DHS should boost CIO, experts say
- By Michael Arnone
- Apr 20, 2005
The Homeland Security Department needs to elevate its chief information officer to report directly to the department’s secretary and deputy secretary, current and former government officials told Congress today.
The House Homeland Security Subcommittee on Management, Integration and Oversight heard recommendations at a hearing today from several experts, including DHS’ former chief of border and transportation security and the department’s acting and former inspector generals.
The author of a report issued today by the Government Accountability Office made the same CIO recommendation to elevate the position.
In the current DHS hierarchy, the CIO reports to Janet Hale, DHS undersecretary for management.
DHS Secretary Michael Chertoff has started a top-to-bottom review of how the department operates. Among other things, the review will look at who will replace Steve Cooper as the Homeland Security CIO, and how much power that person will have.
Information technology is crucial to all DHS operations, so the CIO must have direct contact with the department's leaders, said Asa Hutchinson, former director of the department's Border and Transportation Directorate and now head of the Homeland Security Group at Venable.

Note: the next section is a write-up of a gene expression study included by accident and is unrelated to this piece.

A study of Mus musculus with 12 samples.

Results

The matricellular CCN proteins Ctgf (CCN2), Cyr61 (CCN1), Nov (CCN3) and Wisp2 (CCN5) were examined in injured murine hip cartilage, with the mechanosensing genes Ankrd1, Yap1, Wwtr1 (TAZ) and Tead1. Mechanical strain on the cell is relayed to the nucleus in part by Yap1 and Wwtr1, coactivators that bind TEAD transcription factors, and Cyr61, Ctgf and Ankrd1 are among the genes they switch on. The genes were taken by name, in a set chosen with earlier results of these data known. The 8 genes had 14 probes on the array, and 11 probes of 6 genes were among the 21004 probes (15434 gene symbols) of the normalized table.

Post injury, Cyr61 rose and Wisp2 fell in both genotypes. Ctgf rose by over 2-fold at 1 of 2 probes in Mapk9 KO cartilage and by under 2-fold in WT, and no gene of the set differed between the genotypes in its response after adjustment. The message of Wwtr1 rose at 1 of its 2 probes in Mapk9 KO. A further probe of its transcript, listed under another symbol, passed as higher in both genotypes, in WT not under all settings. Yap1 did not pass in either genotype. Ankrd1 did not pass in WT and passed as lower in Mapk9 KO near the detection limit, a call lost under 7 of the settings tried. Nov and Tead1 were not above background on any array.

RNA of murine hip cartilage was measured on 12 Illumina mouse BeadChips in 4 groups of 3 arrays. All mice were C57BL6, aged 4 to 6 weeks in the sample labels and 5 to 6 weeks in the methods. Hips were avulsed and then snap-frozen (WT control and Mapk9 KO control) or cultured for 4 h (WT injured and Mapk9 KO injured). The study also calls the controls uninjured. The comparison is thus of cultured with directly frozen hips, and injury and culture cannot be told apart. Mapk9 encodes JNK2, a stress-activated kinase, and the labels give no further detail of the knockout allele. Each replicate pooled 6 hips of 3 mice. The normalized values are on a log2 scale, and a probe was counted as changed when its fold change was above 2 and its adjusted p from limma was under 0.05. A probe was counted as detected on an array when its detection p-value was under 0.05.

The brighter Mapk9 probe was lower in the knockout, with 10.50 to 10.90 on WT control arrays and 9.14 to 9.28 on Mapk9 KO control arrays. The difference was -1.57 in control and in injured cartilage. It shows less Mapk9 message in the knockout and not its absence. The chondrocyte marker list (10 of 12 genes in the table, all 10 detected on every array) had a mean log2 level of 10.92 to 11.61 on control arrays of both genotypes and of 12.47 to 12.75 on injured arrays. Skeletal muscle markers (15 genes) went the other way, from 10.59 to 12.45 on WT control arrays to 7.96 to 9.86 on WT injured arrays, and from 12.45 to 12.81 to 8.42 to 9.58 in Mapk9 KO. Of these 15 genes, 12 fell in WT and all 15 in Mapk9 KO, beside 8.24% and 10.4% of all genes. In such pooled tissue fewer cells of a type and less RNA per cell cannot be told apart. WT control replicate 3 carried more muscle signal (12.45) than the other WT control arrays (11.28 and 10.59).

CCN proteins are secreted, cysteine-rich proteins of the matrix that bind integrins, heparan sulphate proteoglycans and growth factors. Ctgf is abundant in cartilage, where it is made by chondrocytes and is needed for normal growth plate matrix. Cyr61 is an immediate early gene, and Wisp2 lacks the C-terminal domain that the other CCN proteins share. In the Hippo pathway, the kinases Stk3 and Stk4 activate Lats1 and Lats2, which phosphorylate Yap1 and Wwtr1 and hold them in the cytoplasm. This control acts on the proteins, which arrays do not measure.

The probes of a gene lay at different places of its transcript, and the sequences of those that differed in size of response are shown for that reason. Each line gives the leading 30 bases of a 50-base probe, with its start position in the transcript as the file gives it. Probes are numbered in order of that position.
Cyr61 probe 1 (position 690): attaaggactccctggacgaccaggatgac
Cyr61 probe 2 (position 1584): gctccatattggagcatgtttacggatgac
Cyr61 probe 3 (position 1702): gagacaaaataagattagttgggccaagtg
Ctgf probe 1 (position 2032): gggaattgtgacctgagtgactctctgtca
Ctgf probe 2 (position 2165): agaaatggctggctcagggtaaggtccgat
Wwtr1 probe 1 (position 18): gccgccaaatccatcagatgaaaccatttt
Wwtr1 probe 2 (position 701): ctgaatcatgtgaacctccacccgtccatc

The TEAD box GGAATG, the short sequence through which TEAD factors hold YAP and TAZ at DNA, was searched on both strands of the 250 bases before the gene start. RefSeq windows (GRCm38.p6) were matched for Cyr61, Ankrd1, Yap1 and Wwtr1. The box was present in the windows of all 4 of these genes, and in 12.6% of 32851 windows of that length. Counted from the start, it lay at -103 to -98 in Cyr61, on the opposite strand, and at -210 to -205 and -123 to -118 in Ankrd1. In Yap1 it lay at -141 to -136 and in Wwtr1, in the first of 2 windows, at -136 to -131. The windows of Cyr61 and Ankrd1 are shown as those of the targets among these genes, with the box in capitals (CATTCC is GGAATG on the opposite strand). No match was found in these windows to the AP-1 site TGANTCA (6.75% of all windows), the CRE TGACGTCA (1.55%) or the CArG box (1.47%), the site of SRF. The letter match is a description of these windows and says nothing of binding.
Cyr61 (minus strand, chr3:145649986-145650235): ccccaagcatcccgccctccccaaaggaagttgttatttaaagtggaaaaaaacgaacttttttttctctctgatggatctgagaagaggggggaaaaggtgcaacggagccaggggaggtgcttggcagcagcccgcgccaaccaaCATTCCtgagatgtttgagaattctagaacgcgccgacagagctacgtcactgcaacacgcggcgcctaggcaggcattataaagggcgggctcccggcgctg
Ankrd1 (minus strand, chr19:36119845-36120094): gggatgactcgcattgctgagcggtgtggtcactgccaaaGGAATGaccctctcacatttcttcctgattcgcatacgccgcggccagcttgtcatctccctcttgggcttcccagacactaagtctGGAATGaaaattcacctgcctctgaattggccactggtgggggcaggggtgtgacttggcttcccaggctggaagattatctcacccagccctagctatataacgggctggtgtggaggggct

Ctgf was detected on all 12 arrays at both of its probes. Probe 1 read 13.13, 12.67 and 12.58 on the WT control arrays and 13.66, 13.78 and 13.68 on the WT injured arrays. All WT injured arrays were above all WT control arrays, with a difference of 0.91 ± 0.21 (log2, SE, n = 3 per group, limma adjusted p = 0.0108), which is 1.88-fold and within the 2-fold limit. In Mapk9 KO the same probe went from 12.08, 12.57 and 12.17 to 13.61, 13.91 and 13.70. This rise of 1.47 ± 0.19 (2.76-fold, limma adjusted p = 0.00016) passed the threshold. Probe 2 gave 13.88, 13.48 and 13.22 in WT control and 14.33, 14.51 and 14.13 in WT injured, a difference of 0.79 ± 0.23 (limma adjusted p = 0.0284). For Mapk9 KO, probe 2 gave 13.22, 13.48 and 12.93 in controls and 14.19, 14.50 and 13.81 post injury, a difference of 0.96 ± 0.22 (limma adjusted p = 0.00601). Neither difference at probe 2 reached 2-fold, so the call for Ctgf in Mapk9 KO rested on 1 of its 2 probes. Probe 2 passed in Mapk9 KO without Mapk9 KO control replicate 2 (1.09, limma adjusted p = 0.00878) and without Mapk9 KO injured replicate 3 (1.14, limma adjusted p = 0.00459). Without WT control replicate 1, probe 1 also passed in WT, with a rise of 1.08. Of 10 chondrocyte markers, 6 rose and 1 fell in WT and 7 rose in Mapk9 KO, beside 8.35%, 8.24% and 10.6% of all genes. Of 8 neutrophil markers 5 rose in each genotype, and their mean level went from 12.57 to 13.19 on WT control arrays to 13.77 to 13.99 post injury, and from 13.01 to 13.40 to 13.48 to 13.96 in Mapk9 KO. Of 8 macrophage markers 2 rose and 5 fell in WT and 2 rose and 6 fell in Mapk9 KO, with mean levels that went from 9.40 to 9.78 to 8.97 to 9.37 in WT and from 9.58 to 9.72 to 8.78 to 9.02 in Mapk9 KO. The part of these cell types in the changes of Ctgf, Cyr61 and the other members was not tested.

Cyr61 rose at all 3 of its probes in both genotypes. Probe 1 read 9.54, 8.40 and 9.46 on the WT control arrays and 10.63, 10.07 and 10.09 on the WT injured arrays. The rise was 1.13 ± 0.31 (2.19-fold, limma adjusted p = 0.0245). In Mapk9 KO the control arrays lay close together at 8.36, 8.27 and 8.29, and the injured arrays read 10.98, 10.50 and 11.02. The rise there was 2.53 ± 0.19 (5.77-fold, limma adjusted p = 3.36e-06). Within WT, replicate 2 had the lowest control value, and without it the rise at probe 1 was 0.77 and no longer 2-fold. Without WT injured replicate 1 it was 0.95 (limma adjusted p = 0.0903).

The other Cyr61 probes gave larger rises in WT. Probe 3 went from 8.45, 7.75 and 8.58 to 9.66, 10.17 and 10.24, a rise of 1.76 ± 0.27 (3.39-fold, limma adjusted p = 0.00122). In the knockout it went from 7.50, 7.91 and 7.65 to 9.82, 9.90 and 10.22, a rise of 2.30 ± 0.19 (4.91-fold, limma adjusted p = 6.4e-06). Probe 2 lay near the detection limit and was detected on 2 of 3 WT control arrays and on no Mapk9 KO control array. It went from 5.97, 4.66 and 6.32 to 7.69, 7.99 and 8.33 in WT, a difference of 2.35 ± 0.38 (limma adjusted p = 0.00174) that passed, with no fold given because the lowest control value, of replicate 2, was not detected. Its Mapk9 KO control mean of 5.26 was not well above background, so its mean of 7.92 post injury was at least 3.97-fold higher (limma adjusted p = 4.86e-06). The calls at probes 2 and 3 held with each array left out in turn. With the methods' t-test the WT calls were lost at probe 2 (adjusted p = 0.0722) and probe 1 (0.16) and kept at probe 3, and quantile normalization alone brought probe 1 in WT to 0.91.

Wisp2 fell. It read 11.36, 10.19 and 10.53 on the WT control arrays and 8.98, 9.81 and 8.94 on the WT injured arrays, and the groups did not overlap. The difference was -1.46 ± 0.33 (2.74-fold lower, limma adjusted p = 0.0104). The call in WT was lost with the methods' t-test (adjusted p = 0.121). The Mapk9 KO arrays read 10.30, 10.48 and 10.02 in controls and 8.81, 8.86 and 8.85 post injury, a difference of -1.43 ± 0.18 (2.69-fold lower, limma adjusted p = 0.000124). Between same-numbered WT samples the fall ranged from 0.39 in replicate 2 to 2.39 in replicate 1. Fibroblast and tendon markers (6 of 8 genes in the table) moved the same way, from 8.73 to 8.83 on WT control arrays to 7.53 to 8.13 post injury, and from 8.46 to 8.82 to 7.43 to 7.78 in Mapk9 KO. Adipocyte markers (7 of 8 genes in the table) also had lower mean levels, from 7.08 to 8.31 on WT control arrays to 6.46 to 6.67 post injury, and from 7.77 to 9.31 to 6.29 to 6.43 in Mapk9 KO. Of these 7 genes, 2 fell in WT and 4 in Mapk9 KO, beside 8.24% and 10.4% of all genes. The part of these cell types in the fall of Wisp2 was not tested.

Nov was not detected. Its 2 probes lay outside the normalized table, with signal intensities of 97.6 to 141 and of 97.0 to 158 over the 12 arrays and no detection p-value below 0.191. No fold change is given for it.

The CIO should have the power to make decisions that affect the entire department, said Norman Rabkin, managing director for homeland security and justice at the Government Accountability Office. GAO officials believe that would DHS enact the report's other recommendations, which include limiting IT investments until the department has enough management control to makes sure its billions in spending are made wisely.
"Overall, DHS has made some progress, but significant management challenges remain to transform DHS into a more efficient organization while maintaining and improving its effectiveness in security the homeland," the report concluded.
The challenges include improving strategic planning and security, developing an enterprise architecture, and establishing a framework to manage its IT infrastructure, the report read.
Richard Skinner, DHS' acting inspector general, said that the promotion would not take long to implement. The CIO currently has the resources to meet many of the department's goals, he said, but lacks the ability to oversee and direct resources. He estimated it would take less than a year for an elevated CIO to make real changes in the department.
"IT transcends all department operations and someone needs to be in a management position to provide oversight," Skinner said.
Clark Kent Ervin, former DHS inspector general and now director of the Homeland Security Initiative at the Aspen Institute, said the CIO must be able to "hire, fire, and direct their nominal subordinates."
Direct access to DHS leadership will also help the department share information better internally and with other federal law-enforcement agencies, he said, which is crucial for security.